These pages have frequency covered SEC Commissioner Hester Peirce – both in terms of her spot-on speeches or statements (see here, here, and here for example) and her tendency to object to various aspects of SEC FCPA enforcement actions (see here).
As highlighted here, Credit Suisse recently resolved a $99 million FCPA (and related) enforcement action concerning financing of various Mozambican maritime projects as well as a related DOJ action (see here).
True to form, Commissioner Peirce made her voice known and issued this statement which reads in full:
“On October 19, 2021, Credit Suisse Securities (Europe) Limited (“CSSEL”) entered a guilty plea to one count of criminal conspiracy with the U.S. Department of Justice related to defrauding U.S. and international investors in the financing of an $850 million loan for a tuna fishing project in Mozambique. One consequence of CSSEL’s guilty plea is the triggering of section 9(a) of the Investment Company Act of 1940, which, absent Commission action, automatically disqualifies CSSEL affiliates from, among other things, serving as investment advisers or principal underwriters to certain types of investment companies. The affiliated investment fund service providers, who are applicants for relief here, were not involved in the actions leading to CSSEL’s guilty plea, and funds they serve are not alleged to have been harmed by CSSEL’s conduct. Disqualifying these affiliates from continuing to serve as advisers, subadvisers, and underwriters for nearly sixty funds would be unwarranted and, more importantly, would harm the funds and their shareholders. Accordingly, I support the Commission’s issuance of a temporary order and notice of application for a permanent order exempting named Credit Suisse entities from the provisions of section 9(a). My support, however, is not as enthusiastic as it might be.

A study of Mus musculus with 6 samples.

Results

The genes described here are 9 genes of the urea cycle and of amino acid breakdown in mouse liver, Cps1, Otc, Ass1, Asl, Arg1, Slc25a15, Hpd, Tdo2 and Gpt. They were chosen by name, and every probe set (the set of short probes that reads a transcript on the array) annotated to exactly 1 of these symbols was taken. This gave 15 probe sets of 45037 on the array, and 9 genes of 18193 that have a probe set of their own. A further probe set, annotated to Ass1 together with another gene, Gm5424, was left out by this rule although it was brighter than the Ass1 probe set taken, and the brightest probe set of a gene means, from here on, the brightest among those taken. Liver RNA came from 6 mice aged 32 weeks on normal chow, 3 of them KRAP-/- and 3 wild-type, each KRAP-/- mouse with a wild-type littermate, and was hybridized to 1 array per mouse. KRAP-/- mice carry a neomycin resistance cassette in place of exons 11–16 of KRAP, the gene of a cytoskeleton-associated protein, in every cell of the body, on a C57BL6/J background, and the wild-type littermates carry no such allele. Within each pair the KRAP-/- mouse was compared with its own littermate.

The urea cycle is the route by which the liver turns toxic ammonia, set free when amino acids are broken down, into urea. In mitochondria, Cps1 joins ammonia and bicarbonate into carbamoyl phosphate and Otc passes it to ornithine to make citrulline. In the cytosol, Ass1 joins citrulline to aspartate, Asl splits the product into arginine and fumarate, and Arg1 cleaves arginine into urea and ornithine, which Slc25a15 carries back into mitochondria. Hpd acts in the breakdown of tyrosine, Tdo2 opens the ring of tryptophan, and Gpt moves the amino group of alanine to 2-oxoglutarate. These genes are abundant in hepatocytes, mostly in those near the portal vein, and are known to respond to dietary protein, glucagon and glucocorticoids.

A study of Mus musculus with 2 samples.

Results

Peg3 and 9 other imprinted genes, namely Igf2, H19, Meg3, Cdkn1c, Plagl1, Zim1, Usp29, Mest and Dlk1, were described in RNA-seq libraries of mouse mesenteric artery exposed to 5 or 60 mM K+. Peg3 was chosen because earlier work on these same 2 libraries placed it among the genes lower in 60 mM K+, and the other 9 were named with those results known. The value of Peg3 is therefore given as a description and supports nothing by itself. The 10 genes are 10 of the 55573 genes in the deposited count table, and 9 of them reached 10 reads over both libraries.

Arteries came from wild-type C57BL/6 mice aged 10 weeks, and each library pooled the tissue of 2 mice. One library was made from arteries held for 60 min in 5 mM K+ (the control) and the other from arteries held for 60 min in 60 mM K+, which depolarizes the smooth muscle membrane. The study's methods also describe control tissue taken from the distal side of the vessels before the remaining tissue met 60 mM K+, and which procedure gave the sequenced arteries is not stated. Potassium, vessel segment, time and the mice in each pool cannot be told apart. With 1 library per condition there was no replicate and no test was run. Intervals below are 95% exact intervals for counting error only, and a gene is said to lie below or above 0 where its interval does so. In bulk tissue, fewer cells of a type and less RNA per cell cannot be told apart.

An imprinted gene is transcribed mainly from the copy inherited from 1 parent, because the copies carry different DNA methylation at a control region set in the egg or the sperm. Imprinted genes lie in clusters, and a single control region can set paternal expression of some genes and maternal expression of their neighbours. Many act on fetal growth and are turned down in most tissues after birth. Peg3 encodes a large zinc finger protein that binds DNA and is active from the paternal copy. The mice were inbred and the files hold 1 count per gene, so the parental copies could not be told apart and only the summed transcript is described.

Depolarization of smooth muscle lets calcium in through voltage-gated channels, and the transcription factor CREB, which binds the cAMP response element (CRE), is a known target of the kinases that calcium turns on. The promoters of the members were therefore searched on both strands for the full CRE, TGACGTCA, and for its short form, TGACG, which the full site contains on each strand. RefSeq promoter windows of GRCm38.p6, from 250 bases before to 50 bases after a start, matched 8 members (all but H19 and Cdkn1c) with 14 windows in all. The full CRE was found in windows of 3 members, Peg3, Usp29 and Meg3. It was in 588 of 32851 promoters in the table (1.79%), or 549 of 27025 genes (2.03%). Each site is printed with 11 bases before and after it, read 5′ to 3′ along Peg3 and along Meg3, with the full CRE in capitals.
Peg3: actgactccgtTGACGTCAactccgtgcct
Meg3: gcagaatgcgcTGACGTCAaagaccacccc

Section 9(c) allows the Commission, under the appropriate circumstances, to grant relief from the draconian consequences of section 9(a) “either unconditionally or on an appropriate temporary or other conditional basis.” In this case, rather than simply grant the Credit Suisse affiliates the necessary relief, the Commission has chosen to impose a number of needless conditions upon the affiliates, with one potentially being deleterious. Had the Commission limited its conditions to prohibiting the Credit Suisse affiliates from employing individuals linked to CSSEL’s criminal transgressions, I could have supported this action without objection because it would serve the statutory purpose of protecting the funds and fund investors. Unfortunately, the Commission has decided to condition this needed relief on certifications and reports that serve no discernible purpose.
In what way, for instance, will the Commission’s oversight of fund service providers be enhanced by requiring Credit Suisse to submit to the Chief Counsels of the Commission’s Divisions of Investment Management and Enforcement reports detailing the organization’s progress in implementing the Transparent Lending Covenant? Providing greater transparency in lending arrangements susceptible to misconduct is a commendable goal, but how will conditioning 9(c) relief for investment advisers not involved in any wrongdoing upon the submission of three successive annual reports help achieve this goal?
More troubling is the requirement that Credit Suisse’s Chief Compliance Officer (“CCO”) submit a series of annual certifications attesting to Credit Suisse’s adherence to its plea and deferred prosecution agreements with the Justice Department, as well as the terms of the Commission’s order. I have spoken publicly of my concern that we may be placing undue pressures on CCOs. Mandating certifications of the sort found in this order can only increase CCO anxiety over heightened personal liability. If the Commission has concerns that the applicants are not meeting their obligations, then the proper response is a visit from an exam team, not the approach we have taken here.
The Applicants had little choice but to agree to whatever conditions the Commission imposed. The alternative would have caused the funds they serve to find new service providers, an outcome that would have been very disruptive and costly for those funds and their shareholders. I too have little choice but to support this order, given the severe consequences of section 9(a). I hope that when faced with a similar application in the future, we will manage to display greater forbearance and impose only such conditions as are necessary to protect the funds at issue, which, after all, is the whole purpose of section 9.”